Thursday, March 21, 2013

Using my iPad and some of my favorite apps so far!

Last week I finally went to Best Buy and bought a VGA adapter for my iPad.  Since the iPad I have is an iPad 2, I had to buy the 30-pin to VGA adapter (this is a different adapter than what you need for the newer ones).  It's a very short cord, but it's not as much of a disaster as you might think.  

In order to hook it up to my Smartboard, I need to disconnect the Smartboard from the back of my computer and plug is into the big end of the adapter.  Then, the smaller end obviously hooks up to the iPad.  Then, the iPad screen will project onto the Smartboard and it will also show on the computer screen.  This does NOT allow me to control the iPad on the Smartboard.  The only way I'd be able to do that is if I had a wireless set-up with my computer.  The computer and iPad would have to sync via a special app downloaded onto both.  Since my computer does not have wireless, I can't be set up that way.

Regardless, I'm happy that it can be projected onto the Smartboard for everyone to see.  Now this means I can hopefully start using it during instruction. It's a bit of a pain to have to plug and unplug stuff from my computer, but I'll live with it for now until I can get a splitter box.  

I've downloaded a few cool apps that I can't wait to try.  Some of these are apps that I downloaded that are a one-player app that would work well in a classroom that has access to multiple iPads.  Some seem like they'll be good apps for instruction

1. Pottery
I LOVE playing this app at home!  This is a one-player app, but if you had multiple iPads, it would be cool to have a competition to see who could make and sell the most expensive piece of pottery!  There is a free version of the app, but I ended up paying the $5.99 for the full version.  You can free-throw pottery or you can play the game and make pottery for the commissions you receive.

2. Crazy Photo Booth
This app is a cool app, especially if you are doing pop art! You take a photo of yourself, or someone else, and you can alter it using lots of different effects, including the pop art effect, which makes your photo turn into an Andy Warhol inspired artwork!  I think that I will be using this with my 4th graders as we finish up the portrait unit.

3.  Art HD
This app is pretty cool for information.  If you wanted your students to research artists, this would be a great source to use.  The app comes with 15 artists on it, including Van Gogh, Monet, Rembrandt, Sargent, Turner, Rivera, Franz Marc, Klimt Frida Kahlo, Homer, Gauguin, Degas, Da Vinci, Cezanne and Bouguereau.  There is a write-up powered by Wikipedia and a huge gallery of artwork by each artist.  When I was in college, Wikipedia was deemed a place that was not a good place for sources...has that changed now?  Do you accept Wikipedia as a source in the Elementary and/or high school level?

4. 3-D Art Gallery
This app is really cool.  It would be great for instruction before visiting an actual art gallery.  This isn't an actual representation of a real art gallery.  There are rooms of famous paintings (and lots of Van Gogh's).  You use the two screen buttons to "walk" through the gallery.  When you get up close to a painting, you can click on it and it will give you some information about the artist and the artwork.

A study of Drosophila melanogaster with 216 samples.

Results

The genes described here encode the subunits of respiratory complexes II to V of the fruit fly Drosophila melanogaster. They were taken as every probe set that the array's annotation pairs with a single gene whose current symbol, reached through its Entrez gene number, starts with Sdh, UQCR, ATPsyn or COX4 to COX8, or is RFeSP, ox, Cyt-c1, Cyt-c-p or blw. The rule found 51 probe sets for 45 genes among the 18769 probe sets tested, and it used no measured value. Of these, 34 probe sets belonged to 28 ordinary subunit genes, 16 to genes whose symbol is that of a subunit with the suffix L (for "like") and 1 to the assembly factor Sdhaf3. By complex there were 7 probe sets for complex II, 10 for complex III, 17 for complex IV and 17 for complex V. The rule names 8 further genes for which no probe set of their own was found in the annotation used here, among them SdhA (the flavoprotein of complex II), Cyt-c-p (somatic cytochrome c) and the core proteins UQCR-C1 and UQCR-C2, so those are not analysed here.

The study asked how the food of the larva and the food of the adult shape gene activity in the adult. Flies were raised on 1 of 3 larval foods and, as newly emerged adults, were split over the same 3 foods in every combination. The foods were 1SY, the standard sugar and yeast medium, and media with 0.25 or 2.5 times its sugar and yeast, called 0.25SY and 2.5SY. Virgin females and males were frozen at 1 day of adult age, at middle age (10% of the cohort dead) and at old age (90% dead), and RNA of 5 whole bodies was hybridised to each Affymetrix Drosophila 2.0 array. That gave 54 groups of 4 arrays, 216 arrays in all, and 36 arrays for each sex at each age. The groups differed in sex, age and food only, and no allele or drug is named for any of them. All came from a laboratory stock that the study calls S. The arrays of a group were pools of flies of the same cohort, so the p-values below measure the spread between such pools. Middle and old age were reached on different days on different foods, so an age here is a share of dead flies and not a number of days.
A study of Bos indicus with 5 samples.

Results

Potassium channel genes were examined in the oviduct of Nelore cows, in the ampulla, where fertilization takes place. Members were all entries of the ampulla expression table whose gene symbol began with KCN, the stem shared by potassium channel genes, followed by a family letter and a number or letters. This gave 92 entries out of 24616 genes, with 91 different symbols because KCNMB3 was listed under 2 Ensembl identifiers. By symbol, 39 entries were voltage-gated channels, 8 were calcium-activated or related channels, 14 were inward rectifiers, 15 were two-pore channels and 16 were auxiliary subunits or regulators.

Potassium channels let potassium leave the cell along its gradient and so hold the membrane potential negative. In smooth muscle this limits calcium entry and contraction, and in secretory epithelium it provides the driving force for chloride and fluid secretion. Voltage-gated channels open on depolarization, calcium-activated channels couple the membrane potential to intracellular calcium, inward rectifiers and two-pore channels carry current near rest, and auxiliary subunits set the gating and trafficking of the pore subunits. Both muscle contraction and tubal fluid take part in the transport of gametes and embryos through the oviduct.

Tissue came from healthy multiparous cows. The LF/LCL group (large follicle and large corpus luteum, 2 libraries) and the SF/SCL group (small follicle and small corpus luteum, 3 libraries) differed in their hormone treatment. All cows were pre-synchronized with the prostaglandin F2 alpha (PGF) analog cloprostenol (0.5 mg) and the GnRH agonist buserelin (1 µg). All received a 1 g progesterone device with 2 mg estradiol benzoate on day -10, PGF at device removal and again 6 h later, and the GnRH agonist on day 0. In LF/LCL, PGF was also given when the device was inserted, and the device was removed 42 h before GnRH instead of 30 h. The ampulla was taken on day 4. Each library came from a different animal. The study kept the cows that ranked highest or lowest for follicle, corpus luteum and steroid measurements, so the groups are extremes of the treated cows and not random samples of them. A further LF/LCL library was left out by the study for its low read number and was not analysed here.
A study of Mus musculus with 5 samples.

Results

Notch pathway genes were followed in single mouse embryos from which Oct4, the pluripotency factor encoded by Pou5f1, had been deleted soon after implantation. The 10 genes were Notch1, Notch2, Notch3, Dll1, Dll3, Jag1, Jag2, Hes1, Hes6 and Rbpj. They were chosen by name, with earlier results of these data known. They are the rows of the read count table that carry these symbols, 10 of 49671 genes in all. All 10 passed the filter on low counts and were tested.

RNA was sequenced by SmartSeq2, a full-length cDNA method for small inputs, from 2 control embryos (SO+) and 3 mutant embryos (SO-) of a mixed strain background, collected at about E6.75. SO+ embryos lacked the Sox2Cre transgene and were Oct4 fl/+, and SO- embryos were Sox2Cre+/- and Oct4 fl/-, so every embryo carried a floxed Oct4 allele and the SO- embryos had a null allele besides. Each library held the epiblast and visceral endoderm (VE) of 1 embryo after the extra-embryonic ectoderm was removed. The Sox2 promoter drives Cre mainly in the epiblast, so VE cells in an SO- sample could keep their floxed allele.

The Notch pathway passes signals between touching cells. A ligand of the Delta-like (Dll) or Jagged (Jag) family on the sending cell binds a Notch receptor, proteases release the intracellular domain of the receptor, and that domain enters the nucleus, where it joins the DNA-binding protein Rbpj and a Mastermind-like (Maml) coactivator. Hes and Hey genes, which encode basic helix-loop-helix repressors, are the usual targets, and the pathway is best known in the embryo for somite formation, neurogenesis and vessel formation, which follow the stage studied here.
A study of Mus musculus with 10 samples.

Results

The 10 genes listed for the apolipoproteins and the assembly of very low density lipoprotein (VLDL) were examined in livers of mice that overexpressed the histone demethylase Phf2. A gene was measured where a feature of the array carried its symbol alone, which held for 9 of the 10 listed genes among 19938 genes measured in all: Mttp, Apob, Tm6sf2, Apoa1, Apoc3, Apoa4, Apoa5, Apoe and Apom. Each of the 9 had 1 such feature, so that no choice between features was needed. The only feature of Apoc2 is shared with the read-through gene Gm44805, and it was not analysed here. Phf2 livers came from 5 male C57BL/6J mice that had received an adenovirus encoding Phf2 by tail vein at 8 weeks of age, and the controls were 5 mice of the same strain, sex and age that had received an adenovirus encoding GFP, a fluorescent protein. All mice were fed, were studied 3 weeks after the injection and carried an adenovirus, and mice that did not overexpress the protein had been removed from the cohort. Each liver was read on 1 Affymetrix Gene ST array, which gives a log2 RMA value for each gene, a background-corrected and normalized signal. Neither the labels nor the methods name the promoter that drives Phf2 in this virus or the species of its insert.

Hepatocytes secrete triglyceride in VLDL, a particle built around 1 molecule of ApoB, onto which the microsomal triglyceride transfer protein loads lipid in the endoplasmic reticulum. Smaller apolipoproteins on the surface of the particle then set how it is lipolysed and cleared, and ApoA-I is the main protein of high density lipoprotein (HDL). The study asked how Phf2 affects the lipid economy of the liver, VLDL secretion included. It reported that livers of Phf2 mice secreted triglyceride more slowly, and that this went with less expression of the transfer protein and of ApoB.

5.  Art Museum (Timeline)
This app is pretty cool.  It gives you a timeline of artists from about 1300-the 1980's.  You can click on the artists to see a short biography and a short series of artworks by the artist.  The layout is nice for visual learners because you actually scroll a long a timeline to see the artists in order that they created art.

6. Masterpiece!  This is a fun app that has a series of 16 paintings.   Eight are for girls, eight for boys.  You photograph yourself with the iPad and then maneuver your face into the cutouts of the paintings.  Some include American Gothic, a self-portrait by Van Gogh, and the Mona Lisa.  

7.  Van Gogh and the Sunflowers
You can purchase this book as an app.  The app will read the story page by page with some nice moving illustrations.  I haven't downloaded the full version yet to know if it comes with more.  It is kind of funny though, because the reader pronounces VanGogh's name "Van Goff".

8.  Van Gogh
This app, powered by Timeline, is a nice Van Gogh app.  You can take tours of VanGogh (you can do a walk-thru of each time period in his life or through his self-portraits).   It also has a short overview of VanGogh.

9.  Art History (Lite)
I downloaded the lite version of this powered by Virtual Flashcards.  This app has various cultures in history, such as Ancient Greece, Rome, Byzantine, etc.  There are 1-2 artworks that come with the app per category.  You can choose which categories to be "tested" on and then the app will run through the flash cards for you.  I haven't played with it too much but I believe you can add your own categories and artworks to the app.  If you get any cards wrong, you can "study" them.   There isn't any information that accompanies the cards...that's the only downfall.

10. Caricatures
This app is pretty cool and would be great for use in a classroom that has multiple apps.  I haven't paid for the full version so it is a little limited.  In this app, there are presets  for the ears, eyes, face, mouth etc.  This would be great for a cartooning unit.  Students could observe each other and then go through the app to pick the pre-sets that best match their partner's features and essentially, create a digital caricature!

Well, that's what I have to share for now.  I'm finally just starting to dive into all of the art apps I downloaded.  I went on a downloading spree and now I'm going through them and deciding which ones are keepers and which ones are not.